Translucent polypoid swellings (1 of 4)
A younger man with chronic hoarseness due to large translucent polypoid swellings, not seen well at closed phase of full-length vibration at E3 (165 Hz).
Open phase, E3 (2 of 4)
Open phase of vibration at the same pitch showing that the full length of both cords swings laterally. Now the large polyp left vocal cord (right of photo) is easily seen.
Closed phase, E4 (3 of 4)
At E4 (330 Hz), vibration is damped (not allowed) except for the short anterior segment indicated by arrows.
Closed phase (1 of 4)
Closed phase of vibration at C4 (~ 262Hz) in a woman who is chronically hoarse and is a "vocal overdoer". Note the early contact at the bilateral swellings (right greater than left), and the MTD posturing (separation of vocal process "grey" zone posteriorly).
Open phase (2 of 4)
Open phase of vibration, shows that the entire length of the vocal cord margin participates in vibration at this pitch.
Segmental vibration (3 of 4)
Segmental vibration at F5 involves only the short anterior segment (brackets). The vocal cord swellings do not vibrate, nor does the posterior vocal cord. This is the closed phase of vibration.
Whistle register (4 of 4)
Open phase of that tiny anterior segment. This imparts a truly tiny "tin whistle" quality that cannot be maximized to a volume above beyond pianississimo. In some cases, singers who have not seen their vocal cords at this kind of high magnification under strobe light believe this to be a normal "whistle register".
Open phase (1 of 4)
In a young pop-style singer, the open phase of vibration under strobe light at C#5 (554 Hz). This magnified view is best to see the large fusiform nodules.
Closed phase (2 of 4)
Closed phase of vibration at the same pitch shows touch closure—that is, that the nodules barely come into contact.
Segmental vibration (3 of 4)
Even when patients are grossly impaired in the upper voice as is the case here, the clinician always requests an attempt to produce voice above G5 (784 Hz), in order to detect segmental vibration. Here, the pitch suddenly breaks to a tiny, crystal-clear D6 (1175 Hz) Only the anterior segment (arrows) vibrates.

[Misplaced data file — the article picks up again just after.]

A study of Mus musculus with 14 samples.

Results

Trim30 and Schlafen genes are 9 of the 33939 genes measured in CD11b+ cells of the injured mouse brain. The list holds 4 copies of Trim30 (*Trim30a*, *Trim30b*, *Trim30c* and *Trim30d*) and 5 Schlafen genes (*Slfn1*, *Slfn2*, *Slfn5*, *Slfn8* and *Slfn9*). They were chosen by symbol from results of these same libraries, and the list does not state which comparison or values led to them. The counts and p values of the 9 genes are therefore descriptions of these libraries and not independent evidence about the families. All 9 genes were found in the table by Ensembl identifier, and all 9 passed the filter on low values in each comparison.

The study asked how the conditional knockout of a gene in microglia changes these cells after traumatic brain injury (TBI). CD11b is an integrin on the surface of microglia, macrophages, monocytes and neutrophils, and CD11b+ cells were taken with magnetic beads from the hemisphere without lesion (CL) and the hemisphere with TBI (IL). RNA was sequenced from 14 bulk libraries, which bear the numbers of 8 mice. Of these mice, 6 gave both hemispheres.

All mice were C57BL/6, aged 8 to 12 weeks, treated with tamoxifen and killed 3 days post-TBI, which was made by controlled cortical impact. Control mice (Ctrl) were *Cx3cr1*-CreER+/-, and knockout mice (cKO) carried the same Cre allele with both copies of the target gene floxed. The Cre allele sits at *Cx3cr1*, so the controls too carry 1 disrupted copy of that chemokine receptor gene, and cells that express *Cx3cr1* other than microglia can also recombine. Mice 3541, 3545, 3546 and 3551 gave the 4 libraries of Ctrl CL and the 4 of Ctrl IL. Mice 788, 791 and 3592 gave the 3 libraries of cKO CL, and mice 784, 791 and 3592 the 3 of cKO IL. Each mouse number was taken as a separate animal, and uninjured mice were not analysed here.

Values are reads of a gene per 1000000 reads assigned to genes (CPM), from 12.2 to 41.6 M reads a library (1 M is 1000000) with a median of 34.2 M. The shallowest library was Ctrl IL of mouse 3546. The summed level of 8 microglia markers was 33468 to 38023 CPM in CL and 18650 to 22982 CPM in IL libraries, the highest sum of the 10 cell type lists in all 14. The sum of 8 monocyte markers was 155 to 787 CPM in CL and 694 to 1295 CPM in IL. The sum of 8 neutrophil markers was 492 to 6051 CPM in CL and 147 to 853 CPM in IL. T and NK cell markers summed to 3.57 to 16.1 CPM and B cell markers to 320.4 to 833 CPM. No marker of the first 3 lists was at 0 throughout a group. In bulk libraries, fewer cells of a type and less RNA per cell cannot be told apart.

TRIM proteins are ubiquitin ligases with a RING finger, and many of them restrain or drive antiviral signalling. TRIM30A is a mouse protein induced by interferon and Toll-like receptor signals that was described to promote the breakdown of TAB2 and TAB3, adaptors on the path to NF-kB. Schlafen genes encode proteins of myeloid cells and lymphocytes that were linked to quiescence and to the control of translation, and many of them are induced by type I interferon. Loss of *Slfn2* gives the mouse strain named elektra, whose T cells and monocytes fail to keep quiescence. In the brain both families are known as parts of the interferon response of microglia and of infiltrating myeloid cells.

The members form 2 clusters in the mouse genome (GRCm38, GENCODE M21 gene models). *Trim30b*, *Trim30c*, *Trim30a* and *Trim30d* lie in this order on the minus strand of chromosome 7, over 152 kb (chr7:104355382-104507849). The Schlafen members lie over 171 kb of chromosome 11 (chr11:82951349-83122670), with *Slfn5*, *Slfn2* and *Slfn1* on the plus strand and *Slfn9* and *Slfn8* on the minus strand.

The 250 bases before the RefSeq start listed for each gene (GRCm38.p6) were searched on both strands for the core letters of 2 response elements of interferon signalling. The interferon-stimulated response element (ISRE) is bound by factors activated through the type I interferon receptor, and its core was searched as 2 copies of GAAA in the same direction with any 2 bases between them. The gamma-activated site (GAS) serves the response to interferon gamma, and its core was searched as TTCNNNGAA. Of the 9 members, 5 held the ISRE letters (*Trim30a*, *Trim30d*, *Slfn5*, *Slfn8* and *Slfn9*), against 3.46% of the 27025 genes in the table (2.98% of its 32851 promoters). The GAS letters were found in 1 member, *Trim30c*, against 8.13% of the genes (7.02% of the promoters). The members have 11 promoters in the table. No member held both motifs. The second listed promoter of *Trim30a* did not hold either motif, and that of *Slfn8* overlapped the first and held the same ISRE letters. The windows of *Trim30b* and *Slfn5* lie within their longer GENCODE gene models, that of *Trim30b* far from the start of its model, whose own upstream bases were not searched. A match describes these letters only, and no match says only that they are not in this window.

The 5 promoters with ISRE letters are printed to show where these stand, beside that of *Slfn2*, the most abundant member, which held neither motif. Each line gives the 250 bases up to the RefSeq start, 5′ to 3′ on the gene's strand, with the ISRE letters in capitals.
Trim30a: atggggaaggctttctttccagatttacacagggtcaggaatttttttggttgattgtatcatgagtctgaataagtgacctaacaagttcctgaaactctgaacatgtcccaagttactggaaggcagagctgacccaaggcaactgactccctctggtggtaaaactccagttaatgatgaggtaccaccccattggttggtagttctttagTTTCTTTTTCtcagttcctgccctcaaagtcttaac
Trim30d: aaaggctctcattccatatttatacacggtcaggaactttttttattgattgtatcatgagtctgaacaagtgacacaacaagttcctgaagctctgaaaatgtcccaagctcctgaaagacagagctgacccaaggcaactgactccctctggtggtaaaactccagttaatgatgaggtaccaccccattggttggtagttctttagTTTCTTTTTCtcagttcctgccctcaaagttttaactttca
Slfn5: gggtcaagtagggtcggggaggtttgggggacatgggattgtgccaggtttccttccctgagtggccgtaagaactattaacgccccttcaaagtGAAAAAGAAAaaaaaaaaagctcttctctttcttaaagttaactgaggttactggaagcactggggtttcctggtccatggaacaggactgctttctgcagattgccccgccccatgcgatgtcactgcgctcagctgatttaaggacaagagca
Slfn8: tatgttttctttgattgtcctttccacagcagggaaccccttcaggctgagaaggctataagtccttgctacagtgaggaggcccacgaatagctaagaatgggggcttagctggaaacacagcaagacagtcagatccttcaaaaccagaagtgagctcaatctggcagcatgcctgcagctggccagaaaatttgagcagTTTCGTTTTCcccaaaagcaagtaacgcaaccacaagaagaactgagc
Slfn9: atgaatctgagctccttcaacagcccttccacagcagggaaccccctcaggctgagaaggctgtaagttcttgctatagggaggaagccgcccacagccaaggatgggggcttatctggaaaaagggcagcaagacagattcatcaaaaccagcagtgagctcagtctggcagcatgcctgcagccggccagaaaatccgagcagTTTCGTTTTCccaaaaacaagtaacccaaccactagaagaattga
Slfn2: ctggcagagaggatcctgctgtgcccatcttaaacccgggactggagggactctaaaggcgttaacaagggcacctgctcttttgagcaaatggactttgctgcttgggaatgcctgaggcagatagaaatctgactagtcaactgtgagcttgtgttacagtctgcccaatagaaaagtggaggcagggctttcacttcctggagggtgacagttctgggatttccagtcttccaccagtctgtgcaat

Posterior commissure (4 of 4)
A more panoramic view that intentionally includes the posterior commissure to show that the vocal processes, covered by the more ‘grey’ mucosa (arrows), do not come into contact. This failure to close posteriorly is a primary visual finding of muscular tension dysphonia posturing abnormality.
Glottic sulci (1 of 4)
Closed phase of vibration, strobe light, at G3 (196 Hz) in a young high school teacher/ coach who is also extremely extroverted. Faint dotted lines guide the eye to see the lateral lip of her glottic sulci.
Closed phase (3 of 4)
Closed phase of vibration at E-flat 5 (622 Hz). Arrows indicate closure of the short oscillating segment.
Segmental vibration (4 of 4)
Open phase of vibration also at E-flat 5, Only the tiny segment opens significantly. As expected the patient’s voice has the typical segmental “tin whistle” quality.
Margin swelling (1 of 6)
Breathing position of the vocal cords of a very hoarse actor. Note the margin swelling of both sides. The white material on the left vocal cord (right of photo) is keratin debris emerging from an open cyst. Find the sulcus of the right vocal cord (left of photo) which is more easily seen in the next photo.
Narrow band light (2 of 6)
Further magnified and under narrow band light. The right sulcus is within the dotted outline. Compare now with photo 1.
Open phase, strobe light (3 of 6)
Under strobe light, open phase of vibration at A3 (220 Hz). The full length of the cords participate in vibration.
Closed phase, same pitch (4 of 6)
At the same pitch, the closed phase again includes the full length of the cords.
Segmental vibration (5 of 6)
At the much higher pitch of C5 (523 Hz) a “tin whistle” quality is heard and only the anterior segment (at arrows) is opening for vibration. The posterior opening is static and not oscillating, as seen in the next photo.
Closed phase (6 of 6)
The closed phase of vibration involves only the tiny anterior segment of the vocal cords, at the arrows. The posterior segment is not vibrating and is unchanged.
Prephonatory instant (1 of 6)
This young woman has been hoarse for many years. This preparatory posture shows marked separation of the cords posteriorly, suggesting MTD as well.
Phonation (2 of 6)
Now producing voice, with vibratory blur of the entire length of the cords on both sides.
Gaps due to nodules (3 of 6)
Under strobe light at a lower pitch of A4 (440 Hz), closed phase of vibration. Large gaps anterior and posterior to the polypoid nodule(s) explain breathy quality and short phonation time.
Open phase (4 of 6)
Open phase of vibration also at A4 (440 Hz) shows that the full length of the vocal cords are vibrating. Compare with the following two photos.
"Tin whistle" sound (5 of 6)
Now at A5 (880 Hz), the patient can only make an extremely tiny (tin whistle) quality. The only segment vibrating is within the circle (here, closed phase). The posterior segment does not vibrate.
"Tin whistle" at open vibration (6 of 6)
Still at A5 (880 Hz), the open phase of vibration, again of *only* the tiny anterior segment.